Pushing back against wrongful termination due to retaliation
We will finish our two-part post on age discrimination next week. For this week’s second post, we will take note of a wrongful-termination case from the Bronx that is breaking news today.
The case involves a public school teacher with six years of experience who alleges that she was fired for refusing sexual offers from a tenured teacher.
The case is a vivid reminder of the different types of settings in which wrongful termination can occur.
As we discussed in our March 26 post, New York has a very specific set of legal protections for public school teachers. These protections are known as Labor Law 240.
To be sure, the teacher in the case that is in the news today was not yet tenured. But in court papers filed today in Manhattan, she contends that her supervisor retaliated against her for refusing his sexual advances.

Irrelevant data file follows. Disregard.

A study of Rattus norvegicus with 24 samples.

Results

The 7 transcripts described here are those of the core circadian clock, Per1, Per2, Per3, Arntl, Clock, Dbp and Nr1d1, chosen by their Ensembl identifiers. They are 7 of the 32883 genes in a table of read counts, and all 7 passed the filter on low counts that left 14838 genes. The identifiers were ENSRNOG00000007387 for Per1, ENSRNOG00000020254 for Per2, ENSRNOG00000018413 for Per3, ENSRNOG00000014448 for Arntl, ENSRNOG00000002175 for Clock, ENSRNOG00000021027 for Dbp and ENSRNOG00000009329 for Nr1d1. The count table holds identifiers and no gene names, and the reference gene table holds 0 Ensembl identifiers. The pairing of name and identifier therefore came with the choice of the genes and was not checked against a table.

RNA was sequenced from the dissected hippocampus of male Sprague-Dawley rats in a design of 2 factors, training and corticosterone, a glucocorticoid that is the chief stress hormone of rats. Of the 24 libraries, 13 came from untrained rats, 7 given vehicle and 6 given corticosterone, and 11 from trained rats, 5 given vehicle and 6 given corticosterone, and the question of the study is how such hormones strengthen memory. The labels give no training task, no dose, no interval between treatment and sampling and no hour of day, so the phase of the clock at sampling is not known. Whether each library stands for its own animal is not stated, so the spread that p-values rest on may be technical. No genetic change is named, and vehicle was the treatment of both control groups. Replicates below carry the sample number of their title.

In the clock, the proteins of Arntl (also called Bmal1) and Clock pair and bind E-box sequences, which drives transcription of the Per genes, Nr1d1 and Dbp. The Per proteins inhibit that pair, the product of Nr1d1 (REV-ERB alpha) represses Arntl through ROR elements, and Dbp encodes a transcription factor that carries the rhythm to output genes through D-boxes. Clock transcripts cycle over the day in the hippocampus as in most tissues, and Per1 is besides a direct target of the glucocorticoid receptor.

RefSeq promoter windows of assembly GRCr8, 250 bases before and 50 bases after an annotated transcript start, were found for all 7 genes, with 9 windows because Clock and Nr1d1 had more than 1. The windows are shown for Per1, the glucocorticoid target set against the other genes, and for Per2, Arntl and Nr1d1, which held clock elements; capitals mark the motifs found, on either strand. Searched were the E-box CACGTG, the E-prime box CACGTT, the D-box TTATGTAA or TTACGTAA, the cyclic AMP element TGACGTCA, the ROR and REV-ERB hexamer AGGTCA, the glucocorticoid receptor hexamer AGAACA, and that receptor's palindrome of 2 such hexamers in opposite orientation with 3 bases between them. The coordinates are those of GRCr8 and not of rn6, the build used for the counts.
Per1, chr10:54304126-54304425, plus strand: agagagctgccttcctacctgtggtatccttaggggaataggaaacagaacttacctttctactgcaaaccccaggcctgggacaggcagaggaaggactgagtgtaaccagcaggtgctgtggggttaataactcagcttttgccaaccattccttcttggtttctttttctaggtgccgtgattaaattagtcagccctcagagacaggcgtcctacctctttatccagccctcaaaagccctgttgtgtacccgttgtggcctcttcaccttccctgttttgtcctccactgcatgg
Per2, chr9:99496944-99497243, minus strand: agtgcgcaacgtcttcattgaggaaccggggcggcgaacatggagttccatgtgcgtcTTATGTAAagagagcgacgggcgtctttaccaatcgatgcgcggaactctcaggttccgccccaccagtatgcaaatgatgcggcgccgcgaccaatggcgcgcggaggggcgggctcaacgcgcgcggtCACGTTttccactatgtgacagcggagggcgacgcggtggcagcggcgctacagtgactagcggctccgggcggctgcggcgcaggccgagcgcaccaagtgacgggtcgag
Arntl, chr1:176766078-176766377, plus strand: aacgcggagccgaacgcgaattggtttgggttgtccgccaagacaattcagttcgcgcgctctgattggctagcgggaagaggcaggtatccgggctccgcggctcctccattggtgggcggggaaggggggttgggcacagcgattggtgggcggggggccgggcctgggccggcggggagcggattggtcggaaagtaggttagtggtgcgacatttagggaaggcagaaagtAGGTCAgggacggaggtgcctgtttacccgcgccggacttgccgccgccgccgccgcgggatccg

This retaliation, the 30-year-old fired teacher asserts, involved falsely telling school administrators that the young woman had been having an improper relationship with a student-mentee.
The case involves some unusual sexual dynamics. The sexual advances that were rejected were allegedly for a three-way sexual encounter between the supervisor, the teacher who says she was retaliated against, and the supervisor’s boyfriend. For a press account, click here.
Our point in this post goes far beyond the specific details of the case, however, to the overriding issue of protections against wrongful termination. They do exist, even in a work culture that often seems cutthroat and cruel.
And protection against improper retaliation by an employer is one of those protections.
For information about our practice, please visit our page on wrongful termination.